Ross Mason is aiming for MuleSoft to be the next Cisco of application networking.
The digital era has exploded in a haze of apps, devices and data led by the oh so common industry buzzwords of mobility, cloud, big data and the Internet of Things. This digital era relies on one key aspect of technology – connection.
However, I cannot help regard the maturing connected world as a somewhat oxymoronic concept – those connections which are so vital, are hard to connect.
One only need look at the many fragmented Gartner magic quadrant sectors to see how the complexity of connection is compounded by the offerings of vendors big and small. There is, however, a San-Francisco based Brit who may hold the open source solution to business connectivity – Ross Mason of MuleSoft.
Sitting in the company’s new flagship EMEA office in the heart of the city of London, Mason told me how MuleSoft was borne out of frustration experienced in his past-life in investment banking.
"I couldn’t find anything that was easy to consume, that my guys could actually work with. It all felt very opaque. There were 7 systems being integrated back in 2001, 7 systems which took €30 million, over 100 people and a year and half to do. It just felt wrong; it felt broken on all sorts of levels. So originally I started with making connectivity easier, starting an open source project called Mule."
Mason’s decision to go open source was based initially on the fact that he was ‘one person trying to take on a big problem.’ The decision to go with open source has not just matured the software, but also added to, and bolstered, the culture and philosophy of the company.
"Open Source is a fantastic distribution model – if you run it the right way. The reason why I went with open source is I didn’t think I could figure it out all on my own, I would have to bring other people in and open source just seemed like the right place to start.
"That was a big part of the philosophy early on; the code was open, the IP was open and so people could actually see what we were doing. It also gave companies a lot of comfort because before open source, if you bought from a vendor, you had no recourse if it went sour.
"[Open Source] has been good for the culture of the company, it has set some values which you probably wouldn’t get in a closed organisation. Developers love to work for companies who have open source, which is one of the reasons why you see a lot of these vendors pushing it because developers are attracted to companies that allow them to work on things."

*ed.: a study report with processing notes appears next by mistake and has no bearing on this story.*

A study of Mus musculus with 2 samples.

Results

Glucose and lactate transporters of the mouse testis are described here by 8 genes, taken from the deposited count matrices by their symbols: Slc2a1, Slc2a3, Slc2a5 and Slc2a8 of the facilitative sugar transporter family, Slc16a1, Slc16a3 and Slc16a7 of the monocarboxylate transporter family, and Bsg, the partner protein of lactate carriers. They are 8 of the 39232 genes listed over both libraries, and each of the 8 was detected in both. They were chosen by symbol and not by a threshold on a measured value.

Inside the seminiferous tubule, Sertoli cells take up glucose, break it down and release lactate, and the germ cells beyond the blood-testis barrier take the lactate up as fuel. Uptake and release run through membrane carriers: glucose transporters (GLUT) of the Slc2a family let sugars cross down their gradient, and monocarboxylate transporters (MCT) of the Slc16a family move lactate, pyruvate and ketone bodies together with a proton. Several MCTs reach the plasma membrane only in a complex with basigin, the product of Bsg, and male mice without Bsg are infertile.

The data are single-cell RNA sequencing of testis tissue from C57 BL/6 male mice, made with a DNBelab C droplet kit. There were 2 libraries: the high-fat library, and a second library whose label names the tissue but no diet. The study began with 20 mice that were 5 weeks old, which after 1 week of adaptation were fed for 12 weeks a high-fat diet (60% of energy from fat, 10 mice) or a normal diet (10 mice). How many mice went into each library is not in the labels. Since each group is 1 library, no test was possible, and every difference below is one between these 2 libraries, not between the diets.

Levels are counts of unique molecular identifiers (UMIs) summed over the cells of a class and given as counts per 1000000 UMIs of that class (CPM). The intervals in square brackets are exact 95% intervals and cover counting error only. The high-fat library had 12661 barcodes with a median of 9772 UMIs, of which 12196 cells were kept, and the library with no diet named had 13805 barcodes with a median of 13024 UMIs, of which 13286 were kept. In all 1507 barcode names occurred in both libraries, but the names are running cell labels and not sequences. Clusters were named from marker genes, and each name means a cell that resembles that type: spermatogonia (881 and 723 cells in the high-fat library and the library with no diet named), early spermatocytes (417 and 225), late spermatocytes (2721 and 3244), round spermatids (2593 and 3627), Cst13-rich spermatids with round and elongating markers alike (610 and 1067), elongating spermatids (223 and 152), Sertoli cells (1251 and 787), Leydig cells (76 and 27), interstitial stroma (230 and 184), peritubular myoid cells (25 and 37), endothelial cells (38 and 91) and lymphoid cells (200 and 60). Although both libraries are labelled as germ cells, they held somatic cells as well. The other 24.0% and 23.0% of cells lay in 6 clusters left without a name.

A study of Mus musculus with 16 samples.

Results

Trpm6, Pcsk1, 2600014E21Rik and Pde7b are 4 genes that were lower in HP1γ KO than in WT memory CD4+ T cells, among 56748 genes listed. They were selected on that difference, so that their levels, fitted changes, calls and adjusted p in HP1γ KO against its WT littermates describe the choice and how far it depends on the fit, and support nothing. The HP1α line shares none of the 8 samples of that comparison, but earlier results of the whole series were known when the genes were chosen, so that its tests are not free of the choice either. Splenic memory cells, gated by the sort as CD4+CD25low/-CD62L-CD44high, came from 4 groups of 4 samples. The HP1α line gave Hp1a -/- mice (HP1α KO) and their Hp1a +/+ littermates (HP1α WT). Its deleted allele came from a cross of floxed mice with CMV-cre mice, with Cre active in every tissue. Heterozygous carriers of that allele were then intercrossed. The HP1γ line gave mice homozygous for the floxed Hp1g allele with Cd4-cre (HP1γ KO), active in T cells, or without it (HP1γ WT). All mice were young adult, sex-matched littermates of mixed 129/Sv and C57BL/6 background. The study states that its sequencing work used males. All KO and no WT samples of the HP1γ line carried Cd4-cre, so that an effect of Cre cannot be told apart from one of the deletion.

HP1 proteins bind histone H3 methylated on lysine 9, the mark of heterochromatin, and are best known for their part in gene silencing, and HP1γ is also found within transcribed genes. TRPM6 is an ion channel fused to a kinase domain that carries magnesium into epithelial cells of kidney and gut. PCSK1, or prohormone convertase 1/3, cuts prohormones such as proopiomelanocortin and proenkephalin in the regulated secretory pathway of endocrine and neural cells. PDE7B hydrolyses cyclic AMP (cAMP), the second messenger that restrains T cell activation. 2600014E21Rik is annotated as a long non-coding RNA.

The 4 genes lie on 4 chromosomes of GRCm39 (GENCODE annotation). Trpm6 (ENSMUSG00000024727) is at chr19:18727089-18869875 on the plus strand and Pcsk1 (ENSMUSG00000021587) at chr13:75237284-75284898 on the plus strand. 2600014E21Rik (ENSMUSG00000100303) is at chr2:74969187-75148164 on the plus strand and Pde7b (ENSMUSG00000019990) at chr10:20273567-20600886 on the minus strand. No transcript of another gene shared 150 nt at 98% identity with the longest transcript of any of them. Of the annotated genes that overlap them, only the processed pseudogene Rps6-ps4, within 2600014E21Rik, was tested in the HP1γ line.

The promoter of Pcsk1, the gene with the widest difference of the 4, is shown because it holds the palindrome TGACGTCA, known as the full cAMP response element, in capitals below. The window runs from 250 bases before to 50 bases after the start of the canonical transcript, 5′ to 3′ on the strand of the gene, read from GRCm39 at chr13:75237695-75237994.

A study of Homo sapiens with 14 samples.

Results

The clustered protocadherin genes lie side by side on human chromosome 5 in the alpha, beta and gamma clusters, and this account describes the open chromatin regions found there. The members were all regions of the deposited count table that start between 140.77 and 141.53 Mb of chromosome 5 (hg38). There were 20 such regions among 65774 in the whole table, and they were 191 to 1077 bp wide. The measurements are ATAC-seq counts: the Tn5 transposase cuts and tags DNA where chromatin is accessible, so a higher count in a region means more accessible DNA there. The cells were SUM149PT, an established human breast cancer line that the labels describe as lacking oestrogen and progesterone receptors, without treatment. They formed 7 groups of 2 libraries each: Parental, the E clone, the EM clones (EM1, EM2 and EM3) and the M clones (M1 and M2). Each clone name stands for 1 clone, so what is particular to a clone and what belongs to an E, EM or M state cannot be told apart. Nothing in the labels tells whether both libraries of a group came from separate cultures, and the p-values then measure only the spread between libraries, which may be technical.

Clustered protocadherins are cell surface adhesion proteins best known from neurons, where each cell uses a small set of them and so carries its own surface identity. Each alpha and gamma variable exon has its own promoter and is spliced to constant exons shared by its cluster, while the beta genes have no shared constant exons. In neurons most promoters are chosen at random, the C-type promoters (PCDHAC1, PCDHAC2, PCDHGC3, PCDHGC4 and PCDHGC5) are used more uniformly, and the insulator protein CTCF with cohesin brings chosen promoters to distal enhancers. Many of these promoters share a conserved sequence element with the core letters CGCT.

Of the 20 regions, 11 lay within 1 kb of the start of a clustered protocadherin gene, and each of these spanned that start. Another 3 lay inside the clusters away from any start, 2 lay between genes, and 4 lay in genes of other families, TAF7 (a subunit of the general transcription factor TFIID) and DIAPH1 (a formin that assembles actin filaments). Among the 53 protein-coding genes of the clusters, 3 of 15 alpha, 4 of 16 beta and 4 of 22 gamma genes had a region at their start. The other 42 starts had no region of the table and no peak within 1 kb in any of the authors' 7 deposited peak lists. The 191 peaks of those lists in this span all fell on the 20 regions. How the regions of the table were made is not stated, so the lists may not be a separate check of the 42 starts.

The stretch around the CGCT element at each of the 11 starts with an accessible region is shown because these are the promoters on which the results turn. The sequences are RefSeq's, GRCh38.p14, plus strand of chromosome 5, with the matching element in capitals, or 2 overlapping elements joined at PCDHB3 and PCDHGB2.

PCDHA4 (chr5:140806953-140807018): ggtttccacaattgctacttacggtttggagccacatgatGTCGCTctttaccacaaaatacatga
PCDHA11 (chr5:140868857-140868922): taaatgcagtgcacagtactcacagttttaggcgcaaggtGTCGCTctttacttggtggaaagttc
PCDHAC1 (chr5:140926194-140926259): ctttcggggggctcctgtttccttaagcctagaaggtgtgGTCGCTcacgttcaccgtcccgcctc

At this stage in the evolution of MuleSoft, Mason veered off script and bucked the established start-up trend. Unlike many start-ups whose goal it is to develop a feature or product just to sell to a Google-like giant for billions, Mason built MuleSoft as a company.
"I think what made us different [when founding MuleSoft] is that very early on we wanted to be a company. Back in 2007 it was all about open source computing monetisation and people were selling services on the back of open source – that’s not a very scalable business model and eventually it just runs out of runway.
"So we realised pretty quickly that we have to offer real value and then take that value to market. That’s how we evolved and probably why we feel a bit different because we started with that mindset from the beginning – we didn’t stumble across it."
Talking to Mason, while it is obvious he is a Brit, there is no mistaking the slight American twang and the Americanisms (couch) which sneak their way into his speech. Mason’s acquired accent comes from the fact that Silicon Valley is MuleSoft’s home, which was the result of a risk-adverse London tech scene when Mason was founding the company.
"Late 2005, I spoke to VCs in London and basically they were very risk adverse. They wanted me to have so many things aligned that it became clear that there was no way I would raise money to invest in the idea. The US, in contrast had a much better early-stage pool of investors, which of course has gone crazy in the last 10 years.
"They really invest in giving people lots of avenues to explore their ideas, with the bet that one of these ideas is going to explode. They just hope that they will be a part of the one that explodes and defines an industry."
The decision to head to the States made good on its return, with the company recently valued at $1.5bn. The $1.5bn value, of course, lies in the success of MuleSoft’s software.